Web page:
So far, the financial crisis has generated a number of innovative ideas, proposals that offer unique opportunities for serious change and progress. One such idea, being pushed by the Philadelphia Coalition Advocating for Public Schools (PCAPS), is the creation of community schools.
According to PCAPS, Cincinnati launched an initiative in 2001 to create schools that would serve as hubs for community services and partnerships. Twelve years later, those community schools are a powerful tool for transforming urban public education. Thirty-four schools there provide services ranging from tutoring and after-school programs to health clinics and counseling.
Each school develops a unique program suited to its particular needs. Public agencies, hospitals, and universities, as well as a wide array of service and community organizations, partner with these schools. The operational costs are shared between the district and the nonprofit sector, with the United Way picking up the tab for school coordinators.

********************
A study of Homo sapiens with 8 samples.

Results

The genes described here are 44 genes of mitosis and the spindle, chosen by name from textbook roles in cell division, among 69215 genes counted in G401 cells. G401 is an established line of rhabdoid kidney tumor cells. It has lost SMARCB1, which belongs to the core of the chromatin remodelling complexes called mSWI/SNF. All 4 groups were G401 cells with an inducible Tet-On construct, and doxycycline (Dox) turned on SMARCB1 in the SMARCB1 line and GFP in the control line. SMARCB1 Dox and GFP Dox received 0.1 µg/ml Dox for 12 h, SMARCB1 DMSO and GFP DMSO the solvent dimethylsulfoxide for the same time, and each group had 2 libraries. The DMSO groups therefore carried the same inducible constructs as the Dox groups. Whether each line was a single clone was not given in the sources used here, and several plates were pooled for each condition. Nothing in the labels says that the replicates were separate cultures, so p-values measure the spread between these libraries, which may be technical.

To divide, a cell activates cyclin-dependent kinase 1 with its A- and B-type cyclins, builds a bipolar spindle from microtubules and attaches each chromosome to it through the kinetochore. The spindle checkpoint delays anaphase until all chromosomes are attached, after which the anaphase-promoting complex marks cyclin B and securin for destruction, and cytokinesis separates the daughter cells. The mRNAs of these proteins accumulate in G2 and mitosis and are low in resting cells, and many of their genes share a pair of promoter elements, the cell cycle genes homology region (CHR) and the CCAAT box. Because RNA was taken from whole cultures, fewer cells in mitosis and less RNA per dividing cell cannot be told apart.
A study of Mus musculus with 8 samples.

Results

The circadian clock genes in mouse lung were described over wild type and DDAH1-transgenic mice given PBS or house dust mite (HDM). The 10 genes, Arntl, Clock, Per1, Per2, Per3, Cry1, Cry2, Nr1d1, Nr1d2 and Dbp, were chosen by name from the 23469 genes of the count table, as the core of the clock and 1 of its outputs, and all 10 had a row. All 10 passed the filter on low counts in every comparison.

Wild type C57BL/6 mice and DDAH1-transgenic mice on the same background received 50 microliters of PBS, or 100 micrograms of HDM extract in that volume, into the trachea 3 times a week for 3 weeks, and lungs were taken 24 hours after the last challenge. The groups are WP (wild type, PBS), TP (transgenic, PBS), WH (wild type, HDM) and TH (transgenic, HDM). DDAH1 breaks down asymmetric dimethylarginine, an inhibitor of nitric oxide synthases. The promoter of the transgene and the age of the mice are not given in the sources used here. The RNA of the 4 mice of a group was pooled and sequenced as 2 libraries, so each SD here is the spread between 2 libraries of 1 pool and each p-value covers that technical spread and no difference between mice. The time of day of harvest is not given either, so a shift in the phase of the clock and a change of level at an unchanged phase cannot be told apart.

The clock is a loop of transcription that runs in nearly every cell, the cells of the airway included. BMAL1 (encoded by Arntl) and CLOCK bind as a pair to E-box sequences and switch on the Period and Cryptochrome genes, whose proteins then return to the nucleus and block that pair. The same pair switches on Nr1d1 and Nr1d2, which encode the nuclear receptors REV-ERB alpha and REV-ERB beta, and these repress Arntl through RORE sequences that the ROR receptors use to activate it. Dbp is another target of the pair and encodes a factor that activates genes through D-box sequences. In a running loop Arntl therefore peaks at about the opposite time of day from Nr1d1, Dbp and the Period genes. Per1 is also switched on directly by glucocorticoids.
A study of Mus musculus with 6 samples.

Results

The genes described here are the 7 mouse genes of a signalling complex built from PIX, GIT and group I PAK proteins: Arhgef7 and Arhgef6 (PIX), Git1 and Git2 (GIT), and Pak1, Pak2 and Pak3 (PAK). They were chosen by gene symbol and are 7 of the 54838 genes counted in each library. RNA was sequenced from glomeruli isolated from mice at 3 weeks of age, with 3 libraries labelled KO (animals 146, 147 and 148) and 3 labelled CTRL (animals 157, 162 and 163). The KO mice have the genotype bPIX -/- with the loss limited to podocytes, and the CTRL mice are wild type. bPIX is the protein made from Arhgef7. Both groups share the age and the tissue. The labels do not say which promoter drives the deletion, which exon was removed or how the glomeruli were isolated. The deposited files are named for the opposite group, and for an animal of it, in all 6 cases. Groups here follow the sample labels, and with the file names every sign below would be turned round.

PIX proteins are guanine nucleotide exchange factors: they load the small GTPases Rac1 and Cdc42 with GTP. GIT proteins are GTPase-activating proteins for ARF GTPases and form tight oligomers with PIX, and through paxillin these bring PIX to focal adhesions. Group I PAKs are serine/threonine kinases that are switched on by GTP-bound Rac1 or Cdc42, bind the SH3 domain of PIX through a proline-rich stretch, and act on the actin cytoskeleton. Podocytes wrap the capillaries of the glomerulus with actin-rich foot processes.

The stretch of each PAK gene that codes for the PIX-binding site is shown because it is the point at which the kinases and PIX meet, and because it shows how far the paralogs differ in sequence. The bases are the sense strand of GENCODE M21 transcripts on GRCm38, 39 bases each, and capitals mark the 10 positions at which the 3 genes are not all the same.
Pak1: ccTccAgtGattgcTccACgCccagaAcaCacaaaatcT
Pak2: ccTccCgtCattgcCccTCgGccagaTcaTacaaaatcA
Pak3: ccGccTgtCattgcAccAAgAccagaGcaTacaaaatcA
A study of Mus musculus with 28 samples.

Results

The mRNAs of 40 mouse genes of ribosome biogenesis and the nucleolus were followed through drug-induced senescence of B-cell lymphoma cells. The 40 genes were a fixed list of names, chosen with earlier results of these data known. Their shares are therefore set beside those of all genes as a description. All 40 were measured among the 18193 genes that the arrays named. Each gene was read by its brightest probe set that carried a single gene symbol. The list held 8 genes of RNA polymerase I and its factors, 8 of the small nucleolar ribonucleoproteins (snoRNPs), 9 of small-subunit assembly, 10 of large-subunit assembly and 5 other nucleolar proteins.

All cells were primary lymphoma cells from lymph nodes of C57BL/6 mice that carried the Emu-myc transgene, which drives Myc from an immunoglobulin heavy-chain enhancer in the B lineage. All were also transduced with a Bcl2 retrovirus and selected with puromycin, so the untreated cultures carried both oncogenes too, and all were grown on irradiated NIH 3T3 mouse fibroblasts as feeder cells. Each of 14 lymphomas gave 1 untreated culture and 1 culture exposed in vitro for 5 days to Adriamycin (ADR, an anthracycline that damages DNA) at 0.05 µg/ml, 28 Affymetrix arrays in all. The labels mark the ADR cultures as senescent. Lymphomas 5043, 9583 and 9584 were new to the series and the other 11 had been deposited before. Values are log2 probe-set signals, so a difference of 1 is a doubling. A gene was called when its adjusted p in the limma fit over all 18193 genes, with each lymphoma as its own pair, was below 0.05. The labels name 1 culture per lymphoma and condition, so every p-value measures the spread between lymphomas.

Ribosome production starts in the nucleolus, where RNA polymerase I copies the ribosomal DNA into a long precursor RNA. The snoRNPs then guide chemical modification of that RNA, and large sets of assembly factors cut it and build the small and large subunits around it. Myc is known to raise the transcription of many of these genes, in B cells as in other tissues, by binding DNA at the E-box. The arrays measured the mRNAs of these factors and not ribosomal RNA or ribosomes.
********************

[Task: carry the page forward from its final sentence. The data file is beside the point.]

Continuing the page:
The success of community schools in Cincinnati is clear: high school graduation rates climbed from 51 percent in 2000 to 83 percent in 2009; the achievement gap between African American students and whites narrowed from 14.5 percent to 4.3 percent in 2009.
Locally, the University of Pennsylvania's Netter Center for Community Partnerships has brought Penn students and resources into 10 schools in West Philadelphia. The positive results include improved attendance, student engagement, and health services. This program should be expanded and duplicated in other schools.
While the reality of Philadelphia's financial crisis may limit its ability to expand some programs, I believe that once we get our financial house in order - and convince state lawmakers that we are trustworthy stewards of tax dollars - we will get our fair share of state money to fund our local schools.
With that in mind, I stand with PCAPS and support launching a community school initiative. We could use some of the schools targeted for closure, and partner community stakeholders with visionary leaders in our corporate, educational, and medical sectors to invest energy and resources in the neighborhood schools.
Our priority must always be what's best for the children. While money may provide a foundation for our schools, innovative ideas, coupled with parental support and the involvement and commitment of leaders in the public and private sectors, can help improve the quality of our children's education.
Jim Kenney, a Democrat, is a Philadelphia councilman at-large. E-mail him at firstname.lastname@example.org.